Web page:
A Florida judge
that an expert in the science of human memory and eyewitness identifications can offer limited testimony at the trial of a man charged with killing three people in 2007. Prosecutors are seeking the death penalty in the case and say they plan to rely heavily on eyewitness identification.
For now, (the judge) is allowing the testimony, but is placing limitations on what the expert, John Brigham, can discuss. Brigham can express opinion on general issues, including the length of time an eyewitness observes an event or the impact of stress on eyewitness identification, but can’t discuss how that relates to specific witnesses in this case.
He’s also precluded from addressing the number of defendants who were convicted largely through eyewitness testimony, and were later exonerated through DNA evidence.
Rules vary nationwide on whether courts will allow expert testimony on the science of eyewitness identification, but sometimes experts are admitted and only allowed to offer limited testimony. The Innocence Project strongly supports the admission of eyewitness experts, for both prosecution and defense, to provide background for judges and juries on variables that affect the reliability of identifications.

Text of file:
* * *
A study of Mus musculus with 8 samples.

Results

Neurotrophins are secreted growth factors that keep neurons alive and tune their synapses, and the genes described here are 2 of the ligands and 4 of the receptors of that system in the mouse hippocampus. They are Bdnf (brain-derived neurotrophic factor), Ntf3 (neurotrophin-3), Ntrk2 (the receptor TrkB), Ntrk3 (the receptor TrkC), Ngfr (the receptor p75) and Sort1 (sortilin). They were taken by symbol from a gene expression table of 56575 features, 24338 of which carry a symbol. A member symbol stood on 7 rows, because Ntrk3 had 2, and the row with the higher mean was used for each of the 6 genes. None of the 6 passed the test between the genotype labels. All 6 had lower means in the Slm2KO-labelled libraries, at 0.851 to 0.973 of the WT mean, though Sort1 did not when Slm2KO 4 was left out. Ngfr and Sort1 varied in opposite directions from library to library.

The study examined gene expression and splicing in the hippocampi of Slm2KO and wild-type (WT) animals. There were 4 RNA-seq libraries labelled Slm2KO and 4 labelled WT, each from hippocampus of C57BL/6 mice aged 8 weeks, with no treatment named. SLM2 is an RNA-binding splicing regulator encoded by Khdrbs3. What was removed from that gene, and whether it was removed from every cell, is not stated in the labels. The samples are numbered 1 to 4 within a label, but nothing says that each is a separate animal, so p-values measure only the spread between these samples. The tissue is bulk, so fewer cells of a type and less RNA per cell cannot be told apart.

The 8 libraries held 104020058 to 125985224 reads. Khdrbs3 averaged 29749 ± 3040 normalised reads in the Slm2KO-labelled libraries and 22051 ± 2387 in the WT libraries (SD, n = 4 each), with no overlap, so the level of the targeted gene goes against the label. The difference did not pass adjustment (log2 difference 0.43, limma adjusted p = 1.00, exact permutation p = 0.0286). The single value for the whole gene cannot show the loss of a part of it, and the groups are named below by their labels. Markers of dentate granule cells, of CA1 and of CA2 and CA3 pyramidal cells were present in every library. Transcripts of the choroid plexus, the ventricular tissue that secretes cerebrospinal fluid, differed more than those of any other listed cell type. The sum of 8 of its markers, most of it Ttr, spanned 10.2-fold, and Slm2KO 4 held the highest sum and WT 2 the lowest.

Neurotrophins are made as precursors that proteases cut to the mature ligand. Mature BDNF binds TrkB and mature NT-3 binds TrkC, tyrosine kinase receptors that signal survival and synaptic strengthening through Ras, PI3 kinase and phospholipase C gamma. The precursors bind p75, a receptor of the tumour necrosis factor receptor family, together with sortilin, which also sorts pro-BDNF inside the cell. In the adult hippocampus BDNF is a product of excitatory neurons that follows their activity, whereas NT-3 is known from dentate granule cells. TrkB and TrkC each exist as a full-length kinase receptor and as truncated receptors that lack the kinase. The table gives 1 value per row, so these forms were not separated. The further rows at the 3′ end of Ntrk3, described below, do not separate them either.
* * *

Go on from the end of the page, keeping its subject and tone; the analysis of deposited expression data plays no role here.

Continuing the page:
A major ruling last month
from a New Jersey judge could lead to critical changes in the way that state – and others – handle eyewitness identification evidence in court, including the admission of experts.
an editorial in the Philadelphia Inquirer last week
calls on Pennsylvania lawmakers to follow New Jersey’s footsteps in proactively addressing unreliable eyewitness evidence. Pennsylvania is one of a few states that prohibit all expert testimony on the science of human memory and eyewitness identification.